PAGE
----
TV satellite Dishes
In 1996, the Federal Communications Commission (FCC) adopted rules for Over-the-Air-Reception Devices (“OTARD” rules). The OTARD rules protect a property owner or tenant’s right to install, maintain or use an antenna to receive video programming from direct broadcast satellites (DBS), broadband radio services (formerly referred to as multichannel multipoint distribution services or MMDS) and television broadcast stations (TVBS). However, there are exceptions to the OTARD rules, including provisions for safety and preservation of historic areas.
The FCC later amended the OTARD rules to apply to rental property where the renter has exclusive use of an area, and to customer-end antennas that receive and transmit fixed wireless signals.
What Types of Antennas Are Covered Under the OTARD Rules?
The following antennas or dishes are covered by these rules:
- A "dish" antenna one meter (39.37 inches) or less in diameter (or any size dish if located in Alaska), designed to receive direct broadcast satellite service, including direct-to-home satellite service, or to receive or transmit fixed wireless signals via satellite.
- An antenna that is one meter or less in diameter and is designed to receive video programming services via broadband radio service (wireless cable), or to receive or transmit fixed wireless signals other than via satellite.
- An antenna that is designed to receive local television broadcast signals.
Antennas used for AM/FM radio, amateur (“ham”) radio, CB radio, Digital Audio Radio Services (“DARS”) or antennas used as part of a hub to relay signals among multiple locations are not covered by these rules.
What Types of Properties Are Covered?
Under the OTARD rules, an owner or a tenant has the right to install an antenna (that meets size limitations) on property that he owns or over which he has exclusive use or control. This includes single family homes, condominiums, cooperatives, townhomes and manufactured homes. In the case of condominiums, cooperatives and rental properties, the rules apply to “exclusive use” areas, like terraces, balconies or patios. “Exclusive use” refers to an area of the property that only the renter and people allowed by the renter may enter and use. If the area is shared with others or accessible without the renter’s permission, it is not considered to be an exclusive use area.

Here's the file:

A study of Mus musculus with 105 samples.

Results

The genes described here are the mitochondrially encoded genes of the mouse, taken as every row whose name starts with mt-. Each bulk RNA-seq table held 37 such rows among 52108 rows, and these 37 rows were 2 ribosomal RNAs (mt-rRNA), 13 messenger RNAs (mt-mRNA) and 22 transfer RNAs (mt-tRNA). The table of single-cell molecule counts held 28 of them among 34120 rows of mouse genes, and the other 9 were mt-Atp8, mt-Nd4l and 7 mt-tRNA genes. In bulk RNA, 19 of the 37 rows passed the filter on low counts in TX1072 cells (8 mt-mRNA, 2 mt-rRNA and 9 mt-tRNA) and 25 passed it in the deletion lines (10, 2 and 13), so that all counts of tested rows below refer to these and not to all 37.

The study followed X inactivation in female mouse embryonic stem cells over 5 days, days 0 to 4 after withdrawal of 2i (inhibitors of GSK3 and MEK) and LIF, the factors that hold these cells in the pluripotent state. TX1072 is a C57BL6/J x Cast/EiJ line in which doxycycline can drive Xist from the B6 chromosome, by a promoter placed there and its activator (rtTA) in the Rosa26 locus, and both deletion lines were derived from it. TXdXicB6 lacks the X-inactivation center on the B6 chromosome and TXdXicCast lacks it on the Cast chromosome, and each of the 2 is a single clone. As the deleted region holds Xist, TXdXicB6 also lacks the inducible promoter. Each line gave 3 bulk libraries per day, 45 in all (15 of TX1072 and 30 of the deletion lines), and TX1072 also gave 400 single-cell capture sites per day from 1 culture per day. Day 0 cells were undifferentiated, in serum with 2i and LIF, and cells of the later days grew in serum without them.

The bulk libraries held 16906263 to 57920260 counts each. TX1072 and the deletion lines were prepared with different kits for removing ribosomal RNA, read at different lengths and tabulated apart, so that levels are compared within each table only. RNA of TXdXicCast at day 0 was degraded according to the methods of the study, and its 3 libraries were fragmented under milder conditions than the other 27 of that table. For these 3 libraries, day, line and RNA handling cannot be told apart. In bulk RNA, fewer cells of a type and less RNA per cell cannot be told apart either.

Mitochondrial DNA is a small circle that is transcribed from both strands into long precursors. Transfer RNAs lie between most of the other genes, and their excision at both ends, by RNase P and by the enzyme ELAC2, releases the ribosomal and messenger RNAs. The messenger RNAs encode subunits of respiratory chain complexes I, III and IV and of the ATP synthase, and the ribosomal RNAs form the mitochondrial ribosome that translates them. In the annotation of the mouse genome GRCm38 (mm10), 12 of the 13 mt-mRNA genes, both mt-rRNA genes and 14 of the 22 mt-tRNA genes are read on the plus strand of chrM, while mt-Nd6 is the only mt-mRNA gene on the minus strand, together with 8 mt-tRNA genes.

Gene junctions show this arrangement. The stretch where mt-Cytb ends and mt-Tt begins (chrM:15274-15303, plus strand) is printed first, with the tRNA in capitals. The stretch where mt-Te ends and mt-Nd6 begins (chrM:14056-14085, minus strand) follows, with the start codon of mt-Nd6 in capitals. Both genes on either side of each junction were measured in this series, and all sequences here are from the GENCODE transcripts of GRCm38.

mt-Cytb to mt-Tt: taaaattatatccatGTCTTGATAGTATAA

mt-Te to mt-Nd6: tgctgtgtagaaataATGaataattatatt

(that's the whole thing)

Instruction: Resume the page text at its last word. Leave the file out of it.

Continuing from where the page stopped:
OTARD rules do not apply to common areas that are owned by a landlord, a community association or jointly by condominium owners. These common areas may include the roof or exterior walls of a multiple dwelling unit. Under certain conditions, if a common antenna is available for use by residents, then the community association or landlord may prohibit the installation of an individually-owned antenna or satellite dish, provided the signal quality from the central antenna is as good as the signal quality from an individually-owned antenna or dish, and the costs of using the central antenna are no greater than the costs of an individually-owned antenna or dish.
What Kinds of Restrictions Are Prohibited?
Restrictions that prevent or delay installation, maintenance or use of antennas covered by the rule are prohibited. For example, in most cases, requirements to get approval before installing an antenna are prohibited.
What Kinds of Restrictions Are Permitted?
Restrictions necessary to prevent damage to leased property are permissible, as long as the restrictions are reasonable. For example, a lease restriction that forbids tenants from damaging the balcony floor when installing an antenna is likely to be permissible.